During Week 2 of the NaNoWriMo challenge, I completed 16,244 words. Added to my progress from last week, I have a total of 30,825 words toward my 50,000-word goal. I edited out an additional 489 words from the original 12,187-word document that I started with (from 2018), for a grand total of 42,456 words completed on my novel.
Take-Aways from Week 2
- Create an Excel Spreadsheet to track scenes by placing them in chronological order with word count, active characters, and novel conventions (inciting incidents, plot points, “dark night of the soul,” etc.) when applicable. This will be valuable for future use when organizing the novel into chapters and for web novel serialization. It also helps in deciding where new scenes will best fit in the existing structure of the novel.
- Write the “good stuff” that excites and inspires me to write on that given day or writing session even if it is out of chronological order. Don’t stress about staying in order. The big scenes will dictate and bring to life lesser/smaller scenes that come before and after these pivotal scenes.
- Write some scenes from other characters’ point of view. Some of my supporting characters are as compelling as my main character. Let their POV be seen.
- Don’t rush the process. Over the past two weeks, I have noticed that it takes me 10-15 minutes to fully engage in the writing process, but once I do, the scene starts to write itself. Let it happen. Don’t panic, just allow myself to ease into the zone.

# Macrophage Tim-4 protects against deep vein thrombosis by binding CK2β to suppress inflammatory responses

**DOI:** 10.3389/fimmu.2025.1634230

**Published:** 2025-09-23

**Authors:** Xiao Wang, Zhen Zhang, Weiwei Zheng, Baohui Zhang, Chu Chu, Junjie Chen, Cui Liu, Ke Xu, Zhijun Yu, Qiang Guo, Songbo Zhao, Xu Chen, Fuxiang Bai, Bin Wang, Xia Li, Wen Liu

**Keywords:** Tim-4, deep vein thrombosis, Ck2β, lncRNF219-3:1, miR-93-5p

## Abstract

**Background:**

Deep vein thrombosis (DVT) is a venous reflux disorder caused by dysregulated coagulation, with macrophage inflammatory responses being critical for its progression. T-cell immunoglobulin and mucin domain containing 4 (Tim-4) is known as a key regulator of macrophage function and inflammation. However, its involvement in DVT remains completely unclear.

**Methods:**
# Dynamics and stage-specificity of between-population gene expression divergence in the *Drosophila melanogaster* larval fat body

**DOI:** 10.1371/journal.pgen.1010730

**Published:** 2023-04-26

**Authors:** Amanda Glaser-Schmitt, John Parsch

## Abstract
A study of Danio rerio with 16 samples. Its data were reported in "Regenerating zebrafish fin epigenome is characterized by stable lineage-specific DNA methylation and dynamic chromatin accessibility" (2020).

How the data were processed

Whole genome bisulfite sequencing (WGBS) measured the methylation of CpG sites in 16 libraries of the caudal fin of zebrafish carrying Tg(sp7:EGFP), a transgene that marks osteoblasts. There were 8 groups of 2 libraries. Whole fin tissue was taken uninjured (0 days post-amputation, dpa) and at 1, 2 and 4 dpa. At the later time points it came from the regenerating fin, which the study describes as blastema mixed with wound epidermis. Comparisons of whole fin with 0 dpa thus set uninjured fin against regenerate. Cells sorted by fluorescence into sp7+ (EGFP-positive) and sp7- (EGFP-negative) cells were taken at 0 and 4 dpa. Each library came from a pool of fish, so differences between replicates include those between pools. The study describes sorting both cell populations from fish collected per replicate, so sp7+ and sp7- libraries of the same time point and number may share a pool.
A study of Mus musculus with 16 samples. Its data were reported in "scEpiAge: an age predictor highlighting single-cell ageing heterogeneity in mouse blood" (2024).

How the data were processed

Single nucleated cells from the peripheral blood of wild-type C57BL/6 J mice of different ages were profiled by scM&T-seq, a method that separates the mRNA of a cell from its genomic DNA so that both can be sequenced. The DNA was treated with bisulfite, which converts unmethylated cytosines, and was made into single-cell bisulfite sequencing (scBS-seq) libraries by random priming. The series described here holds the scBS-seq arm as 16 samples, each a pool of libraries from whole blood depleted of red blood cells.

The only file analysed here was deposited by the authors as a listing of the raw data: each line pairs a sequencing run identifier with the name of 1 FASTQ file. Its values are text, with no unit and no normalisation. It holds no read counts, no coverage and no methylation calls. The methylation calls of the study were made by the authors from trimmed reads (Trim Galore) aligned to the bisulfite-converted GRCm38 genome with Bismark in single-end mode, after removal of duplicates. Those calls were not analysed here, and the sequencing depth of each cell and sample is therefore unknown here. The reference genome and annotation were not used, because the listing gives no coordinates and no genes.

- Make note of errors and inconsistencies for later correction. I have noted some historical inaccuracies, name concerns, and other minor flaws. Recognizing that more will inevitably materialize, save the errors for editing time, rather than NaNoWriMo time.
- Seek out professional advice. In addition to reading a wide assortment of novel writing articles on Medium and Pinterest, I read a book I bought decades ago, The Art & Craft of Novel Writing by Oakley Hall (1989), from which I garnered a few useful tips, and I began reading an e-book from the library, The Emotional Craft of Fiction by Donald Maass (2016). I have four more writing books on hold at the library, all of which I will work through as I proceed with the editing process once NaNoWriMo is over on November 30.
- Don’t allow doubt to derail your progress. Is my plot line weak? Are my characters too shallow to engage an audience? Have faith that the story is culturally and historically relevant. Have confidence that the characters are engaging and emotionally compelling. Believe that this story deserves to be told and keep telling it!